Washington Evening Journal
111 North Marion Avenue
Washington, IA 52353
New London Road on Lowell Hill south of Lowell remains closed to all traffic and will be for the foreseeable future.
Henry County Engineer Jake Hotchkiss told the Board of Supervisors Tuesday morning that a contractor is making progress on stabilizing the roadway.
“FYE Excavating removed pavement in that section on Friday and Saturday,” Hotchkiss said. “Yesterday (Monday), they started removing the overburden — the dirt — as part of the emergency work to slow the slide movement. We’re trying to get the extra weight off the road.”
He said that there are limitations to how deep they can go to remove the material because of underground utilities in the area.
Hotchkiss said that they will remove about 7,500 yards of material from the roadway.
“That’s a substantial amount of material that we’re going to be pulling over 1,200 to 1,400 feet,” he said.
He said that the contractor estimated that the work will continue through this week, but Hotchkiss said it may take a little longer.
“I would say it would take all this week and part of next week,” Hotchkiss said.
Once the overburden is removed, the next step will be assessing whether it is safe to install a temporary road.
“Once we pull off the overburden that we can, we will assess whether or not we can fit a temporary road into the south in our existing right of way,” Hotchkiss said. “We can’t commit to that yet until we see if we’re somewhat confident that the movement is slowing down. We won’t know that until we get this extra material off.
“It would be a gravel surface for winter while we work on the final design and prep work for the final alignment of that road.”
He said that a new temporary road, if they are able to put one in, would be about two feet lower than the old road and moved several feet south, away from the hillside that leads down to the Skunk River.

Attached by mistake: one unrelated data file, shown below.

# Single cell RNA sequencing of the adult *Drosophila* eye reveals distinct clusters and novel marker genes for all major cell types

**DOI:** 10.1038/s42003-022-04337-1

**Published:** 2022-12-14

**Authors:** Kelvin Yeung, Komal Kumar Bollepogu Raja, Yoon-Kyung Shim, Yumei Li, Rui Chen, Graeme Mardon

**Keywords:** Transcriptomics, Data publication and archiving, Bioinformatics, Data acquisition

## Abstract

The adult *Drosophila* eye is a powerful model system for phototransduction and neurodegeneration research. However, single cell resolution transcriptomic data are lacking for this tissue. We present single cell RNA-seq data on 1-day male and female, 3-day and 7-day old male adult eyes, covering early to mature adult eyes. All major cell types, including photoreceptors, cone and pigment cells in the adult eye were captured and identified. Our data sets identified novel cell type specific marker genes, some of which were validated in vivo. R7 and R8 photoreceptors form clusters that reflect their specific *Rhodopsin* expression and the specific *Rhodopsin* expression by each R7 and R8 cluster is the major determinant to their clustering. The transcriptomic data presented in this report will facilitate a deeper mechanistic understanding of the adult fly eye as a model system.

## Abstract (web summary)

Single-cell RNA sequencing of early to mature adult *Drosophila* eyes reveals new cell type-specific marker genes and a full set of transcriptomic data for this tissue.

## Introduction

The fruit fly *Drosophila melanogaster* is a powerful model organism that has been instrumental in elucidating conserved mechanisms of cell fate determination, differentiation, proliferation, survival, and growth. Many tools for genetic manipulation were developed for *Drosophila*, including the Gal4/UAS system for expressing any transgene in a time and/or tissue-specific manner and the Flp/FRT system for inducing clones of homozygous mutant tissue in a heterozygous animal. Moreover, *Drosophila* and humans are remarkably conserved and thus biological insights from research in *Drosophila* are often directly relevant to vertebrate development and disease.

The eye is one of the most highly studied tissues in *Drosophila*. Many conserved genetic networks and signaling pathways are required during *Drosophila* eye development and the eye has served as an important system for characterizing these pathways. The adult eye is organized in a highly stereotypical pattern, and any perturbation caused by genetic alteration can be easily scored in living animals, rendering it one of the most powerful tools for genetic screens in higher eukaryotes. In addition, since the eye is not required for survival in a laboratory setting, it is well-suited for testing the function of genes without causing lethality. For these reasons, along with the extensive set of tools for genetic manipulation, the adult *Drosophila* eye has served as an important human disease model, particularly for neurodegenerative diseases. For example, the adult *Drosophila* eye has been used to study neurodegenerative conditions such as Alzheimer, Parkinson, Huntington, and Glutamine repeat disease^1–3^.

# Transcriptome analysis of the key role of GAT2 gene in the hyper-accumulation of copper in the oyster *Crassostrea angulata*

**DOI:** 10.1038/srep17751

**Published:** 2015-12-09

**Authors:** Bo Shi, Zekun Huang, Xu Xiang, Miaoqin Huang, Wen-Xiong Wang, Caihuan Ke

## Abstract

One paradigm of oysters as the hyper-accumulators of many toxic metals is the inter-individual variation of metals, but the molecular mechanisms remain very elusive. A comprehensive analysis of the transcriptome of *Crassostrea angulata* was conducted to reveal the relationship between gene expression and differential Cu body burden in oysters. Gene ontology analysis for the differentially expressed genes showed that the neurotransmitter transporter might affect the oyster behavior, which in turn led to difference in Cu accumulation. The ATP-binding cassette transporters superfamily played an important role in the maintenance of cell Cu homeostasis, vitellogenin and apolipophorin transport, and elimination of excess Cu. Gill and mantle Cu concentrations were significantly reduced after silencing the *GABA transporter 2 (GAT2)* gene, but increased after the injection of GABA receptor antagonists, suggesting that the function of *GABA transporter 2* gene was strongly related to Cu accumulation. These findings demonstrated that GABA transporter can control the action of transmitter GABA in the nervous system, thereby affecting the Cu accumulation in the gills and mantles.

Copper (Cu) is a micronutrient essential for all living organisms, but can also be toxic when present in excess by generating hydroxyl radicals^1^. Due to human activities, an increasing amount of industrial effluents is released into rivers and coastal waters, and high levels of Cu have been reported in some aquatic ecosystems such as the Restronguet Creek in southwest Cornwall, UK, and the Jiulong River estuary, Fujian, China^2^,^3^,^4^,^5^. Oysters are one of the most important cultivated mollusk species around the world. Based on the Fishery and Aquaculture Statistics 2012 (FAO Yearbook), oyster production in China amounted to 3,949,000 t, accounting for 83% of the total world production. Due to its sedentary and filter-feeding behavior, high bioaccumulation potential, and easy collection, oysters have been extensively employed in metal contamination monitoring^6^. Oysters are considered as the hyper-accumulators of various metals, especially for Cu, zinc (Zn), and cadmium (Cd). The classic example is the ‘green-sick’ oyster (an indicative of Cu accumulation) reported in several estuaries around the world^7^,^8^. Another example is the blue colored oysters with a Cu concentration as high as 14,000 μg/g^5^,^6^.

“We are sliding the road over,” he said. “If we put a new road it, it will probably be two feet lower and shifted further back to the south as tight as I can to the right of way and still have a two-lane gravel road to go through there.
“We’re looking at where the cracks were and trying to get that road shifted outside of those cracks.”
Hotchkiss said last week that any project to permanently repair the road would be costly, and he was seeking support in securing an emergency declaration from the state. That declaration would make emergency funds available to help cover the cost of repairs.
“There has been work in the background trying to get that declaration,” Hotchkiss said Tuesday. “There are no answers yet, officially, but we had a productive week last week. We’ll keep trying to find a way to fund this project.”
The county is seeking the declaration based on their assessment that heavy rains in June and July raised the level of the Skunk River.
Hotchkiss said that when the river level dropped, it pulled a lot of moisture out of the hillside, causing the north lane of the road to slide and create huge cracks in the pavement.
In the meantime, the road remains closed to all traffic.
“We have the barricades up, but we have had some trouble with people going through there,” Hotchkiss said. “The barricades are there that say ‘road closed.’ We ask people to respect that. It is a safety issue more than any other reason.”